Human Resources professionals are the backbone of most organizations, providing recruitment, employee development, performance management, regulatory compliance, and many other functions that support the people who work in and run the business. HR professionals cannot reveal issues that might cross regulatory, personal privacy, or other guidelines. How do you manage to explain your work in a resume while fully maintaining discretion?
- Select your details. The number of a company’s employees and locations, its revenue, and the specifics about the company’s industry and specialties is all openly available. Those details provide context and help define the amount of work that falls to the Human Resources department, the diversity of the staff, and the type of information and issues that might arise.
- Provide numbers where you can. For example, you can mention that you worked closely with the legal department without saying that the company was involved in a class-action suit by 130 employees. You can certainly mention that you developed 15 training programs for 2000 employees, handled a $25 million budget, or led a five-member team.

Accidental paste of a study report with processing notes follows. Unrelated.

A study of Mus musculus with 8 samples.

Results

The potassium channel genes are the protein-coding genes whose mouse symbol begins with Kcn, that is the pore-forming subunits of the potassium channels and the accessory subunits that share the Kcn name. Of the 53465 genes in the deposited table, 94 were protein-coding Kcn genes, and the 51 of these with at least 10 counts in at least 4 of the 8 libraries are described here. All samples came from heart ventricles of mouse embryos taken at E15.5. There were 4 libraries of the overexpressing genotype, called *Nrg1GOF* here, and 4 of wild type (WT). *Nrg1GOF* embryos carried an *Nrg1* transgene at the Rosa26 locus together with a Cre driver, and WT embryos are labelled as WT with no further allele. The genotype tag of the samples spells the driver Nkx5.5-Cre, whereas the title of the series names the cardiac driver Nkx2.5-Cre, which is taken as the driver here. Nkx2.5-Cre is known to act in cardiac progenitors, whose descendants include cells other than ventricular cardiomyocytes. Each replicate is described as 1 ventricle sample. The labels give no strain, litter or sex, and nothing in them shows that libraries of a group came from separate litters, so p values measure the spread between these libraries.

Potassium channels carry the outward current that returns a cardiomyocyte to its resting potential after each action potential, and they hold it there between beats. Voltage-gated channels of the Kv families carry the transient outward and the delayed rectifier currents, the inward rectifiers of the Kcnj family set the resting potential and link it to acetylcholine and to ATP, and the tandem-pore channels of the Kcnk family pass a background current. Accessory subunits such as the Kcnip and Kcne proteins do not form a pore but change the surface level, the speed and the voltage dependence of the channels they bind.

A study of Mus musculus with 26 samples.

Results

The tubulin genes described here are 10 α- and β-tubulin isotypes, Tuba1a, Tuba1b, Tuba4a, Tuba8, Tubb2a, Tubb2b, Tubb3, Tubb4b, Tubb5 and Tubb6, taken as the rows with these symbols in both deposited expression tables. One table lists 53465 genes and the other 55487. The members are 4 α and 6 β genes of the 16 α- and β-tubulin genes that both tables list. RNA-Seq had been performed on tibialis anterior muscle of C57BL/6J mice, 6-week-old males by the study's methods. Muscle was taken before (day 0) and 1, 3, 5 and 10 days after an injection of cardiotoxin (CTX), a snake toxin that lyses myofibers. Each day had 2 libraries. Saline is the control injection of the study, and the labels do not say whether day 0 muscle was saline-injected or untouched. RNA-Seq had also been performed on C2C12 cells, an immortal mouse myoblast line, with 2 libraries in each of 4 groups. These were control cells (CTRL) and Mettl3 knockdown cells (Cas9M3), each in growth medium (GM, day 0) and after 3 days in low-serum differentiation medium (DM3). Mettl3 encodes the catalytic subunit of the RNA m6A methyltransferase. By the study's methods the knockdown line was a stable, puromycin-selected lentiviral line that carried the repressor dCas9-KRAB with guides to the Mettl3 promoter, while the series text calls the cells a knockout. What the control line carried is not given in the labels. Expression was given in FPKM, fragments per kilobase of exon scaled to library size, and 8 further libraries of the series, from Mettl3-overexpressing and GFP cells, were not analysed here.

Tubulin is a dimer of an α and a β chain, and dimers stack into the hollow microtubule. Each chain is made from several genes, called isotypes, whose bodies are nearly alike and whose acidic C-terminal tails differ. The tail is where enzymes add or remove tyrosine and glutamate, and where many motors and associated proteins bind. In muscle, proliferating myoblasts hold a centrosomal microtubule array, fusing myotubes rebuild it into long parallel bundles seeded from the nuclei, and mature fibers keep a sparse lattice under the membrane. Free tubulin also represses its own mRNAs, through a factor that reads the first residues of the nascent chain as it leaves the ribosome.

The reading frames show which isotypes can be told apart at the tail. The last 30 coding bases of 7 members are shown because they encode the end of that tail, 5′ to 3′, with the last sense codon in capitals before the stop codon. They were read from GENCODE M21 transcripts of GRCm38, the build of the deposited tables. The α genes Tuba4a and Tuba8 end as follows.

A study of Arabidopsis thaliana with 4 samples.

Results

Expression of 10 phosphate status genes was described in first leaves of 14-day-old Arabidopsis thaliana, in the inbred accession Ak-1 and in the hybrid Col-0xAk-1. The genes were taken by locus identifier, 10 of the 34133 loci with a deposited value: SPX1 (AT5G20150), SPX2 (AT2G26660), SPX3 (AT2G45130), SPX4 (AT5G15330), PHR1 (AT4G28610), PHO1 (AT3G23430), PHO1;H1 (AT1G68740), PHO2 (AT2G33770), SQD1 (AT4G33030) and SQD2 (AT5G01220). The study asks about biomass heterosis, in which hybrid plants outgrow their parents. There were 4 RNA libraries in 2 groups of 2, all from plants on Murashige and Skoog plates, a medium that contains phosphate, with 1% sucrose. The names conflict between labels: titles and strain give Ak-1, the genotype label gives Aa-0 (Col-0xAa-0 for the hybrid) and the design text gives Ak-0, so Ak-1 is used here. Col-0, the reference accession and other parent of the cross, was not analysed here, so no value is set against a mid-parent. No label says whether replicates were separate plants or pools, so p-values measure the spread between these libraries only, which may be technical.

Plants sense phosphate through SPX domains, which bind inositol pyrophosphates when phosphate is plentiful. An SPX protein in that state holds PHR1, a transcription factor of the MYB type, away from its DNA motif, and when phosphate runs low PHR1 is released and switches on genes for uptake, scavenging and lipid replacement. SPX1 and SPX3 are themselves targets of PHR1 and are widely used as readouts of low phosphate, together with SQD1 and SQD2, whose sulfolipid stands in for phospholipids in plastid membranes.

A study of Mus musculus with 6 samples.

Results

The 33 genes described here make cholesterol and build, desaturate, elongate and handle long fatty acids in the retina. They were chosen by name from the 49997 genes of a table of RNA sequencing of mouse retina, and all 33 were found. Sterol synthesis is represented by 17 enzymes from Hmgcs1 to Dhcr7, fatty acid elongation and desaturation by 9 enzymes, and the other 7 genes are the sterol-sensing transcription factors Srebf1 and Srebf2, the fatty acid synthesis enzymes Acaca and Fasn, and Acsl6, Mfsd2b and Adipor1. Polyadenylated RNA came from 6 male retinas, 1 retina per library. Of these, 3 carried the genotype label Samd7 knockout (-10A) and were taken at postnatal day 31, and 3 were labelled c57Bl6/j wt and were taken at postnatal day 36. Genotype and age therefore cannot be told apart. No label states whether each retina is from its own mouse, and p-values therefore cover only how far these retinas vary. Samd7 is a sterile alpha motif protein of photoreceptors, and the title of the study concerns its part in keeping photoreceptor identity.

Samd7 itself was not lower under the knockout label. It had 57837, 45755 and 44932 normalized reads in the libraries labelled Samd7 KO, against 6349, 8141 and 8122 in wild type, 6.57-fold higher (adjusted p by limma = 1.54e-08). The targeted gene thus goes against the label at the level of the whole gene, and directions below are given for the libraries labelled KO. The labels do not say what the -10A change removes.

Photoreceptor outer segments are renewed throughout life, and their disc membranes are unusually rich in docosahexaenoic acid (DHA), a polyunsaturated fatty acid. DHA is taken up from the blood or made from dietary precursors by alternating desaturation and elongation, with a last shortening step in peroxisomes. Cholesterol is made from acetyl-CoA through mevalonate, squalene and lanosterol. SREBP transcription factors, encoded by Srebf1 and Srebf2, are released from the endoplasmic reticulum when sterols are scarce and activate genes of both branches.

- Correctly use the keywords specific to HR. Those keywords might include HIPAA, 401(k), restricting, training, talent management, conflict resolution, compliance—and so on. Read job descriptions and postings to find the keywords most often mentioned as desirable skills, experience, and knowledge.
- Highlight your credentials. List your professional education, certifications, and memberships, as they all serve to give you credibility. Technology and language skills are critical, including HRIS and payroll systems.
As a Human Resources professional, you have seen many resumes throughout your career. However, writing your own resume, especially in a field as broad as Human Resources, presents its own unique challenges. For a fresh and highly professional perspective on your resume, goals, and job search, contact Robin’s Resumes® today.